Discussions and testimonials regarding gender, race, poverty and the environment were the focus of an event dubbed “For the Transformation of the World” Oct. 29 at First United Methodist Church in Lincoln.
A panel discussion about poverty highlighted the morning events, while the remainder were discussed in several workshops.
The event was presented by the Mercy and Justice team of the Great Plains Conference.
“You are truly friends of justice,” the Rev. Susan Henry-Crowe, general secretary of the General Board of Church & Society, told the 60 participants. “I think you all should teach other annual conferences how to do this.”
In a talk preceding a morning panel discussion, Henry-Crowe said that the root causes of poverty have to be confronted.
“Racial and economic unrest has to be addressed and eradicated,” she said.
Henry-Crowe was joined on the panel by the Rev. Mark Holland, pastor of Trinity UMC in Kansas City, Kansas, as well as the mayor of the nearly 150,000-person city; and the Rev. Charlotte Abram, a retired United Methodist pastor active in social issues in Omaha.
Holland gave a history of Kansas City, Kansas, including both its steep decline in population and sharp upturn in poverty levels and crime.
“We have pretty acute poverty in our city,” he said.
Alongside the increase in poverty comes a decrease in mental health services, he said. He called it a “chicken-and-the-egg” conundrum that worsens the situation.
“The scope of it is so overwhelming,” Holland said.
“We have an obligation as a people, as a community, to address the root causes of poverty,” he added. “Our role goes from direct service to advocacy.”
Abram said that churches need to be at the forefront of the fight against poverty.
“We can prayerfully stand up and stand with,” she said, “but also speak up and speak out.”
She refuted the counter to the Black Lives Matter protest by those saying that “All Lives Matter.”
“Historically, ‘all’ has not meant ‘all’ in this country,” she said.
“When people of faith acknowledge that, we acknowledge that we all can live together,” Abram added.
Henry-Crowe said six factors gauge the levels of poverty: education, fair wages, family planning, water, housing and access to goods and services.
All of the panelists agreed that race is a factor in poverty.
“We need to lead the conversation that racism is real,” Holland said. “We are fools not to address it head-on.”
Henry-Crowe said that The United Methodist Church has a long history in fighting poverty, back to John Wesley’s call for a “decriminalization” of poverty.
“It’s in our DNA,” Henry-Crowe said.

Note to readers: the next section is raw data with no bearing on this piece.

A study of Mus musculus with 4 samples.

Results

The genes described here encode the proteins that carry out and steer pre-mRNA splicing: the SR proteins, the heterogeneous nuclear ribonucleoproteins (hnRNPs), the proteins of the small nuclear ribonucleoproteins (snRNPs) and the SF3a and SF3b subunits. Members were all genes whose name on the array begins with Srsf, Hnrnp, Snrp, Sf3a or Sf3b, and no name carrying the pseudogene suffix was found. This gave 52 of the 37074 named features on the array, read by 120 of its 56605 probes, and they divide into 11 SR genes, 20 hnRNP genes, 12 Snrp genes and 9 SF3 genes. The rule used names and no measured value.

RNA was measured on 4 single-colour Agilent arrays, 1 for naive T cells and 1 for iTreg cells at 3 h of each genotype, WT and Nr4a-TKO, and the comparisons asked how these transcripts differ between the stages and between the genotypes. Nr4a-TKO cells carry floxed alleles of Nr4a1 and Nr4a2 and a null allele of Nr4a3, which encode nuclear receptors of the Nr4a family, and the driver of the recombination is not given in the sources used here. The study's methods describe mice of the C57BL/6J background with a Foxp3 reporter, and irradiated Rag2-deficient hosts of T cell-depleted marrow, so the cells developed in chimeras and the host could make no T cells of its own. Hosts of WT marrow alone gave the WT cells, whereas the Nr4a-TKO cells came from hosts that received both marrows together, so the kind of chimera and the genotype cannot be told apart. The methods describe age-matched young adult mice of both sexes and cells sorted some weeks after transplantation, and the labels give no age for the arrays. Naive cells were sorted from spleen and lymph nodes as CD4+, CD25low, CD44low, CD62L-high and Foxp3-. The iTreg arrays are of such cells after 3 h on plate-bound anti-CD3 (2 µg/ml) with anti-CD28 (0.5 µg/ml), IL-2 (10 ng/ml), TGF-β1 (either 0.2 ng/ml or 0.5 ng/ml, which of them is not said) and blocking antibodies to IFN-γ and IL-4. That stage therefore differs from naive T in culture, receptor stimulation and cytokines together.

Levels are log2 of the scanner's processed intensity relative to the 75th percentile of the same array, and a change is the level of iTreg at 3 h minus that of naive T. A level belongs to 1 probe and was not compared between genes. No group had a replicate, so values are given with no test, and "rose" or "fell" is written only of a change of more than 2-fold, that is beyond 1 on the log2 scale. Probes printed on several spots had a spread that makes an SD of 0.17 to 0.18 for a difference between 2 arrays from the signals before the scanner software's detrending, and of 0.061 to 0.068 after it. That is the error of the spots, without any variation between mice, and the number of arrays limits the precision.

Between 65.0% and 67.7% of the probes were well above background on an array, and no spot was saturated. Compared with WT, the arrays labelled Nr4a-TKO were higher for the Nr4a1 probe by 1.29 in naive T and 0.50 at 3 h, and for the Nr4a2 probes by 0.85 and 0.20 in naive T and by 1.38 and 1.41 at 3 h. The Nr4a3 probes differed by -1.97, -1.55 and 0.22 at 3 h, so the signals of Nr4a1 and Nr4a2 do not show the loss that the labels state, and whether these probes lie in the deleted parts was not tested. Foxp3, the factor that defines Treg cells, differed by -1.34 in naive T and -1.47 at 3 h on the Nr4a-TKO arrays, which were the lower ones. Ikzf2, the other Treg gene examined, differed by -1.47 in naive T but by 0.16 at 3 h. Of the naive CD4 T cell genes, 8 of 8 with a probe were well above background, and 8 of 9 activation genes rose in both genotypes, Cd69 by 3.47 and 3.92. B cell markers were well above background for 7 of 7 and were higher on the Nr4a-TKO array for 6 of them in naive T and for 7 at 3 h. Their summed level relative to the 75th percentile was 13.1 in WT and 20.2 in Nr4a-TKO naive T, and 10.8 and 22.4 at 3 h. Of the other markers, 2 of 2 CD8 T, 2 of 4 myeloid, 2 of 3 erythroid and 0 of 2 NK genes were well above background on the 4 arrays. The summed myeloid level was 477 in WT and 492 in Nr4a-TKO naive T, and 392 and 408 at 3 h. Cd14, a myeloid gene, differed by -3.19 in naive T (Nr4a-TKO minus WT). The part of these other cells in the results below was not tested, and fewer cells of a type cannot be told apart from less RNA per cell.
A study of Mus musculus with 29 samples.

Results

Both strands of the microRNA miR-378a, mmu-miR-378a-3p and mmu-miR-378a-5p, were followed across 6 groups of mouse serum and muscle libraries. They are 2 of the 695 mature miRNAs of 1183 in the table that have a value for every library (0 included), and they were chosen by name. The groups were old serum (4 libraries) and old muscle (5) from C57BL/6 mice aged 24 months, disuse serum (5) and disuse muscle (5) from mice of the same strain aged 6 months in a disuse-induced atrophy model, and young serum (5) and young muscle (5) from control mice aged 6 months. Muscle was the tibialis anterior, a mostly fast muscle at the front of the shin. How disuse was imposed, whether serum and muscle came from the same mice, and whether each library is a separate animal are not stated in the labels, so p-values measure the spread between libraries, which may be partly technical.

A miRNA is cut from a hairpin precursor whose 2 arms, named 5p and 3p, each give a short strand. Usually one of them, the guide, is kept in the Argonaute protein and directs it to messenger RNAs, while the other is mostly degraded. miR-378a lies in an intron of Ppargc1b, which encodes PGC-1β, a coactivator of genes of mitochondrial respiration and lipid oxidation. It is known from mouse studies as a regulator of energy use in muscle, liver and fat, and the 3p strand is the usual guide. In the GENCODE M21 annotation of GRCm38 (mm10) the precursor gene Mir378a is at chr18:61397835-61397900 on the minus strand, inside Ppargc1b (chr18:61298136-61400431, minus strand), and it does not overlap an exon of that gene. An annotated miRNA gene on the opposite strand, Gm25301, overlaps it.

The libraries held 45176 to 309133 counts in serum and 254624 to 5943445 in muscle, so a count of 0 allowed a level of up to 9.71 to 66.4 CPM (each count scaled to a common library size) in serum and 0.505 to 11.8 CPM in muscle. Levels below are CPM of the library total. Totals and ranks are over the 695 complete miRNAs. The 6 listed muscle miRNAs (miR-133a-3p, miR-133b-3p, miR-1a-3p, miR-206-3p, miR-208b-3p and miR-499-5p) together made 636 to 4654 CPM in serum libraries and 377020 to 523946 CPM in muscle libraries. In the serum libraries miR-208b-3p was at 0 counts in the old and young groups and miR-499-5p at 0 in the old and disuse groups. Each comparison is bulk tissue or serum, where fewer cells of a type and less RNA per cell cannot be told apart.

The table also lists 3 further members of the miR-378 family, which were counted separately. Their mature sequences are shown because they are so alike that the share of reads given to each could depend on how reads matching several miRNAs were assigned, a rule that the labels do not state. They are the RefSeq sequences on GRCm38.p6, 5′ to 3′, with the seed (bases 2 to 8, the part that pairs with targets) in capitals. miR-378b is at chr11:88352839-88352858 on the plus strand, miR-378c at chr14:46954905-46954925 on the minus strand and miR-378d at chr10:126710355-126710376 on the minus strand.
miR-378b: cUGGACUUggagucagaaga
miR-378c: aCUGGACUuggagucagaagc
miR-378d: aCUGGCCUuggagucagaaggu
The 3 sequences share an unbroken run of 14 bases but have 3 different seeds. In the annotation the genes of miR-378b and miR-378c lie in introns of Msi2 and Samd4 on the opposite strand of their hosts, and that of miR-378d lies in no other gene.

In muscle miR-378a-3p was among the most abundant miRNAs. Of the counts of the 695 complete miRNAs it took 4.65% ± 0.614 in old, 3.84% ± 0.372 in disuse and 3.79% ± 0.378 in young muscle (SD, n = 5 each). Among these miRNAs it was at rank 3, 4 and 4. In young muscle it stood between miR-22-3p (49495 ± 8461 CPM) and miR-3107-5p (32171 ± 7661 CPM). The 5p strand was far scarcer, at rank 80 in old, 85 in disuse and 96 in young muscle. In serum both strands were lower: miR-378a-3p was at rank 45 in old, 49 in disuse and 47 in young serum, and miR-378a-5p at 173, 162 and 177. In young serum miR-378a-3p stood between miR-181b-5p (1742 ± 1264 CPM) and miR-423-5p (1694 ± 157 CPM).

Afternoon workshops included talk about healthy families, by Gina Gile, pastor of Dakota City-Homer UMCs in Nebraska, and Pauline Muchina, director of the Healthy Families/Healthy Planet initiative by the General Board of Church and Society; race, led by Glory Kathurima, a member of the Norfolk, Nebraska, UMC; environment, led by Bonnie McCord, an ordained elder with the Chadron, Nebraska, UMC; and gender relations, led via Skype by Margi Ault-Duell, a longtime social justice educator who grew up in Kansas.
The Rev. Kalaba Chali, mercy and justice coordinator for the Great Plains Conference, said in closing that participants were on the road to do the right thing.
“You do care,” Chali said. “You do want to walk humbly with God.”
Participants said they were encouraged by the panel discussion and the workshops.
“It was good to worship and reconnect with people working on common causes,” said the Rev. Sherry Sklenar, pastor of Pawnee City-Burchard-DuBois, Nebraska, UMCs.
“We absolutely loved the workshops,” said Wendy Kabler of Wichita, attending with her husband, Craig, as part of a delegation from Aldersgate UMC. “All the information that we learned and connections that we made were invaluable.”
“The environment workshop was incredible,” Craig Kabler added. “It was just enjoyable, with lots to learn. I’d do it again.”
The Kablers said the social justice team at Aldersgate would meet soon to map out its vision for 2017.
“This is another resource given to us,” Craig Kabler said.
The Rev. Sarah Marsh, of the Lawrence, Kansas-based Justice Matters and chairperson of the conference, said she was encouraged by the enthusiasm of the participants.
“We talked about systemic issues, we talked about problems in dealing with poverty in the community and we had a lot of great energy about the topics,” she said.
Contact David Burke, communications coordinator for the Great Plains Conference, at firstname.lastname@example.org.